Feature: What he really wants to do

PAT NASON, UPI Hollywood Reporter

LOS ANGELES, April 15 (UPI) -- Matthew Carnahan, a Hollywood writer who lives with Oscar- and Emmy-winning actress Helen Hunt, has turned his attention to writing novels -- following in the footsteps of other successful movie and TV writers including Stephen J. Cannell and Robert Crais.

Cannell, the Emmy-winning creator of such TV hits as "The Rockford Files" and "The A-Team," has written a series of best-selling novels including "Riding the Snake," "Final Victim" and "Vertical Coffin."


Crais, who wrote for such TV series as "L.A. Law," "Miami Vice," "Hill Street Blues" and "Quincy," has turned out best-sellers such as "L.A. Requiem," "Sunset Express" and "Hostage," which was recently adapted for the screen starring Bruce Willis.

Carnahan, who has just published his first novel, "Serpent Girl," is best known as the creator of the NBC TV series "Trinity" and as a writer-producer on the Fox police drama "Fastlane" and the ABC drama "Thieves." With John Philip he wrote and directed the 2001 documentary "Rudyland" -- lampooning former New York Mayor Rudy Giuliani before Giuliani gained national stature in the aftermath of the Sept. 11, 2001, terrorist attacks.


His grandfather Kenneth Carnahan was a San Francisco book critic who entertained such literary giants as Ray Bradbury and John Steinbeck at his Bay Area home, and Carnahan was mentored by Joanne Woodward and Paul Newman when he was a student at New York's Neighborhood Playhouse School of the Theatre after Woodward saw his first off-Broadway play "Diary from Avenue B."

Apart from all of that silver-spoon, Hollywood-name-dropping kind of stuff, Carnahan has also breathed the less rarified air where regular people live and work, holding down 77 different jobs by his count -- including deckhand, adult-book-jacket writer, circus hand, typesetter and chef.

He also founded and directed his own theater company in New York, the Red Earth Ensemble, and received the Chesterfield Fellowship from the Writer's Film Project -- a project sponsored by Paramount Pictures that originated within Steven Spielberg's Amblin Entertainment company to encourage young screenwriters.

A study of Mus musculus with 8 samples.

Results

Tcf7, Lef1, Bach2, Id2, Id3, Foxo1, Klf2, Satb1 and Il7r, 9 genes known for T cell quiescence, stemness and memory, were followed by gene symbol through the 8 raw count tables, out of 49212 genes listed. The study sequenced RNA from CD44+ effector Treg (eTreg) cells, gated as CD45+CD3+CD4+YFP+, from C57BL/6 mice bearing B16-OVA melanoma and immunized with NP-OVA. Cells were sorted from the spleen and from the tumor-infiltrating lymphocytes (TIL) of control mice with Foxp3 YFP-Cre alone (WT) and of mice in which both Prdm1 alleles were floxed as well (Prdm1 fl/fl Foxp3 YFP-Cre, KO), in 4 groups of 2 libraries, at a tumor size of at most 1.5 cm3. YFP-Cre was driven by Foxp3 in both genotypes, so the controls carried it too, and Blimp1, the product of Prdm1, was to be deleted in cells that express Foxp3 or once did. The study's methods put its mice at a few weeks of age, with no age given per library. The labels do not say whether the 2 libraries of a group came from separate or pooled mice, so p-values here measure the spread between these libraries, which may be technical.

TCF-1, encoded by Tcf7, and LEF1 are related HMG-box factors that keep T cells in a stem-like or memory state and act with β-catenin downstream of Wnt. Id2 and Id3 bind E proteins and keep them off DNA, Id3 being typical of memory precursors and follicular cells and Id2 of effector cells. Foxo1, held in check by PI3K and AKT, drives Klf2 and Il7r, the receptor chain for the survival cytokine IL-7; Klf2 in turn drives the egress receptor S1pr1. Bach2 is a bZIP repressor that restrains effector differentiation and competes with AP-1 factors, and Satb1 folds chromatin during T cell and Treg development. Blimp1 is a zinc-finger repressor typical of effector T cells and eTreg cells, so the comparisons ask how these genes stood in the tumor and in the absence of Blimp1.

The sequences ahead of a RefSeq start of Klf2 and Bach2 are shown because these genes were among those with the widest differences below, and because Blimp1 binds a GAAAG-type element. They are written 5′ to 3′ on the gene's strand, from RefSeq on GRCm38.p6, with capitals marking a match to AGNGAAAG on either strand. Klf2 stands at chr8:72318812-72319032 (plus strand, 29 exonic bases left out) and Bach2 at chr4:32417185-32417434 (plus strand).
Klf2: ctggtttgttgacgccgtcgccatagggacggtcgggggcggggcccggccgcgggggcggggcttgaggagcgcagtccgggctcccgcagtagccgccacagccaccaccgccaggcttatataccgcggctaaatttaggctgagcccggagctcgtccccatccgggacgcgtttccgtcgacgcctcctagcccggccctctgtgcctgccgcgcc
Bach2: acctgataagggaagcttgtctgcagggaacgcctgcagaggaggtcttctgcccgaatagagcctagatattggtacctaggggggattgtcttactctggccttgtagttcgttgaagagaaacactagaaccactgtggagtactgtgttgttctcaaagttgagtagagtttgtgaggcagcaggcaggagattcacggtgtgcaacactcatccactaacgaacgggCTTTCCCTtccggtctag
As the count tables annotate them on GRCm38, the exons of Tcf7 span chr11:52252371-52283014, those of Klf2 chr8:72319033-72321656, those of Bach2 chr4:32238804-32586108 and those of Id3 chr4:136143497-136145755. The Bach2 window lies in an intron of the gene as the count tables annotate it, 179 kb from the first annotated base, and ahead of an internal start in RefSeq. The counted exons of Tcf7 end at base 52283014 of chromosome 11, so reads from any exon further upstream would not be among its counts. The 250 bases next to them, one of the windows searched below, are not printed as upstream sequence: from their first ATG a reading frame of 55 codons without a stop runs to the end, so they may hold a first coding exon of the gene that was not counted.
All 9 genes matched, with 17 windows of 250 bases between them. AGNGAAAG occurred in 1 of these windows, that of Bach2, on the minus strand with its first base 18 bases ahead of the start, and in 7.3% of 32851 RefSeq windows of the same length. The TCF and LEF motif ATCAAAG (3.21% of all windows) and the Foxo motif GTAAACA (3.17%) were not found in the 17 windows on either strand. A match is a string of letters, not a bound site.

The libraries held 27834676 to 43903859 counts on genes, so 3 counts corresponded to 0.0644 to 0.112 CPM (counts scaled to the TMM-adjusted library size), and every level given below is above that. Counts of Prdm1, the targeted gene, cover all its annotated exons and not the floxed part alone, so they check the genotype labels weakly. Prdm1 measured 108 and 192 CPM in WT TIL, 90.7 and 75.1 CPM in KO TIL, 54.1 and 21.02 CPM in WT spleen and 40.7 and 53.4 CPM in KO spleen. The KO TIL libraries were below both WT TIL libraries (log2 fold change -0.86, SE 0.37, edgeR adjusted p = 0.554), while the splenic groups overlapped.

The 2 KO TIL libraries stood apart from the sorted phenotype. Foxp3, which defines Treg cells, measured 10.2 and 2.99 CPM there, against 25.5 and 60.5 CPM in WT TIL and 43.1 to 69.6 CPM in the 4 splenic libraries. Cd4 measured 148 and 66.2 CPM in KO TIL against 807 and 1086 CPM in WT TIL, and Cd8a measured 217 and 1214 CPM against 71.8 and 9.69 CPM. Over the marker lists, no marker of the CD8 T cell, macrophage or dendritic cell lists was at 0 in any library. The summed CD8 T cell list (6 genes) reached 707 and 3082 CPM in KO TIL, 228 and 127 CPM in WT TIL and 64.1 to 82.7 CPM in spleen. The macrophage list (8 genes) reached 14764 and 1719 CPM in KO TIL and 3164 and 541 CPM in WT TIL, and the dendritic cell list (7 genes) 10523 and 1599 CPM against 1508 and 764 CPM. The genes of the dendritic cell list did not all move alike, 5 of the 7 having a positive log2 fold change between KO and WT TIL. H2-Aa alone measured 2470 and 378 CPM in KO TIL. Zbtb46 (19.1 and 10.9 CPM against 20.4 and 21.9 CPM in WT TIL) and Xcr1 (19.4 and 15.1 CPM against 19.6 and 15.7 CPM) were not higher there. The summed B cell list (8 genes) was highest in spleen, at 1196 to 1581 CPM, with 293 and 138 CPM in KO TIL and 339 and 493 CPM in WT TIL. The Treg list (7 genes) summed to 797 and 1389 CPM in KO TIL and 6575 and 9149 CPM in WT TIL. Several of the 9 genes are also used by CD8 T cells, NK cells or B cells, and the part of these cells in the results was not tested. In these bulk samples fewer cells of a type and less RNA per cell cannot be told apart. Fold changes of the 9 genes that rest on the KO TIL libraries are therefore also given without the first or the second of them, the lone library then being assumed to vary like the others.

His short film "Mailman," produced by Sandra Bullock, premiered at Sundance -- as did his feature directorial debut, "Black Circle Boys." Plans call for him to adapt his play "The Knees of the Cellist" for the big screen, and he is creating two new TV series -- "Dirt" for FX and "Bond Street" for NBC.


And yet, with all that, Carnahan said writing the novel "was always kind of the Holy Grail for me." In an interview with United Press International he acknowledged that writing "Serpent Girl" involved some economic sacrifice.

"I'm a guy with two kids and a mortgage, and I generally write film and television to pay my bills," he said. "And to embark on writing a novel is a multiyear adventure for which, certainly at the beginning, you're paid very little."

And that's just for the writing part of the enterprise. After that, the author has to hit the road to promote the book -- a time-consuming proposition during which it is even more difficult to be productive in better-paying ways.

Carnahan said he had to set "Serpent Girl" aside for months at a time to take other movie and TV jobs, but even at that he said he missed out on a considerable amount of opportunities because of the book.

"I would say that the fact that it was an economic gamble is simply an existential truth," he said. "Really, I embarked on it for a soul-satisfying purpose, rather than an economic one. At that level, it has paid off a thousand-fold."


For example, if he hadn't written "Serpent Girl" -- a crime caper set largely in the world of a low-budget traveling circus -- Carnahan might never have had the pleasure of such established novelists as Carl Hiaasen and Elmore Leonard say such nice things about his work.

"Carnahan writes with a brisk and winsome depravity and a talent for making you laugh out loud," said Hiaasen.

"Carnahan can write," said Leonard. "He mixes real freaks with freaky West Coast dopers, gets them talking, threatening each other -- and it works. I didn't notice any wasted words."

That kind of praise is enough to turn a writer's head.

"Oh, yeah, I was shocked and delighted to get praise from my heroes," said Carnahan.

The first blurb he saw on Kirkus Reviews -- "because it became part of the press package," he said -- compared him to legendary American writers James M. Cain, Dashiell Hammett and Raymond Chandler.

"I just about crapped myself," he said. "I take it all with several grains of salt, but you don't hate to hear it."

Carnahan is working on his second novel, fitting it in between TV writing assignments.


"I love writing television," he said. "It's an exciting time, especially with cable -- HBO, Showtime, FX. It's an auspicious moment."

And how does his agent feel about him taking so much time away from TV writing to satisfy his soul? It depends on which of his agents at Creative Artist Agency you ask.

"My book agent is really happy about it," he said. "The book-to-film agents are thrilled about it. The rest of them, probably not so much."